Coffee News Roundup: Week Ending December 11th

An espresso cups sits on a table beside a folded newspaper. Via Unsplash

An espresso cups sits on a table beside a folded newspaper. Via Unsplash

This week’s Coffee News Roundup is brought to you by the weather report that has up to ten inches of snow forecast for most of Michigan but exactly zero for us suckers in the Southeast.

Alright, let’s look at the news shall we.

International Coffee Partners Creates $48,000 Hurricane Relief Fund - via Daily Coffee News

In a recent Roundup (two weeks ago, to be precise) we discussed the International Coffee Organization’s “mobilization” to “mitigate the impact of this climate-related tragedy on the life and work of coffee farmers in the regionwithout actually providing any details or, y’know, money.

Well, another organization with “International Coffee” in the name has stepped forward to create a fund that it says will directly benefit 400 affected producers in Guatemala and Honduras. How much is this fund, you ask? $48,000.

Which is good! Those 400 farmers need and deserve some cash assistance. The economic damage of hurricane Eta alone is estimated at more than $5.5 billion, with early reports forecasting damage to more than 10,000 hectares of coffee farmland just in Nicaragua and Honduras.

However. The eight massive European companies that make up International Coffee Partners, according to Daily Coffee News, had a combined revenue of $10 billion prior to 2020. Ten billion dollars!

In that context, $48,000 is so little that it’s almost laughable.

Read the full story here.

Starbucks Chief Bullish As Crisis Engulfs Smaller Coffee Shops - via Financial Times

There were a few stories this week about how Starbucks expects to “bounce back” in 2021, and how bright the future looks for a gigantic corporation that rescinded its employee hazard pay all the way back at the end of May even though the pandemic is still ongoing and in fact is worsening significantly.

However, at least this Financial Times article is honest about why the future is so bright for Starbucks.

“People will be back in Starbucks stores at a rate far beyond what they were pre-pandemic,” CEO Kevin Johnson told the paper. Meanwhile, 2,000 coffee shops in the US will close by the end of the year.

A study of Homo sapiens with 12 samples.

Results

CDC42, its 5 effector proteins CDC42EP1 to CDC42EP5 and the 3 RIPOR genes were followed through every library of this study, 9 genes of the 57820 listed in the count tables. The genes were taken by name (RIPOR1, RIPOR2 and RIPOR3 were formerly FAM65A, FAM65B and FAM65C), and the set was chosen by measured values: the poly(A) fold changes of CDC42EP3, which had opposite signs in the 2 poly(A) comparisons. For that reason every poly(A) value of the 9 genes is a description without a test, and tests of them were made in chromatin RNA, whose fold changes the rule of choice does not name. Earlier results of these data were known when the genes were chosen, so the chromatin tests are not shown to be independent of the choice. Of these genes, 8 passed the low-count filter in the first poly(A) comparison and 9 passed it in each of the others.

“There’s going to be a lot fewer coffee shops,” one expert told the FT. “Starbucks stands to benefit from that.”

Grim stuff all round.

Read the full story here.

Close up of coffee cherries ripening on the branch

Close up of coffee cherries ripening on the branch

More Headlines

Coffee Fest New York Postponed To July 2021 Due To Pandemic

NYC’s Coffee-Cart Woes Spur $2 Million Morgan Stanley Grant

The Week In Coffee Unionizing

The union drive at Wonderstate Coffee (reported on briefly a few weeks ago) is finally getting a bit more press coverage, with a vote coming up next week. Although the push is related to just one cafe with fewer than ten employees, it’s still worth paying attention to.

According to the latest, the ownership of Wonderstate (previously named Kickapoo Coffee, a coffee roaster with three cafes around Wisconsin) is not actively opposing the unionization drive, although there were meetings to discuss the issue, and Wonderstate did file a procedural legal challenge with the National Labor Relations Board (which didn’t work).

The Week In Corporate Coffeewashing

This week, “some of the world’s leading coffee companies” have committed to “transparency” to “promote a sector-wide move towards sustainable coffee and to show the progress being made.”

The Global Coffee Platform (yet another “multi-stakeholder membership association”) says that this Snapshot on 2018 Sustainable Coffee Purchases from Jacobs Douwe Egberts, Melitta, Nestlé, Strauss Coffee and SUPRACAFÉ is a “clear and confident step to support global progress in sustainable coffee sourcing”, according to its Executive Director Annette Pensel.

Anyway, remember back in March when George Clooney told us how “saddened” he was that Nespresso was buying coffee from farms that utilized child labor? And that Nestlé came third in the 2020 list of worst plastic polluters?

Probably unrelated.

Is Coffee Good For You?

According to Yahoo! News, “Coffee drinkers are ‘like addicts’ who don’t actually enjoy the drink more than others”. Additionally, the NY Post announced that “Coffee snobs are faking their love of fancy java, addiction study says”.

Both headlines refer to a study published in May that, according to a more nuanced look at the research by Daily Coffee News, “concluded that heavy consumption of coffee may carry more association with addiction to caffeine than with pure enjoyment.”

The DCN article is—obviously—the one to read.

What I’m Drinking This Week

It’s not what I’m drinking but rather the brewing device I’m now using on occasion. That’s right, thanks to my mother-in-law Susan and this fancy new Bonavita drip brewer, I now have the ability to brew (good) coffee for more than two people! Technology, amirite.

What To Read

The Twelfth Annual Sprudgie Award Finalists by Sprudge

How To Save Coffee From Climate Change by Adele Peters

Until next week, drink good coffee, wash your hands, and wear your mask.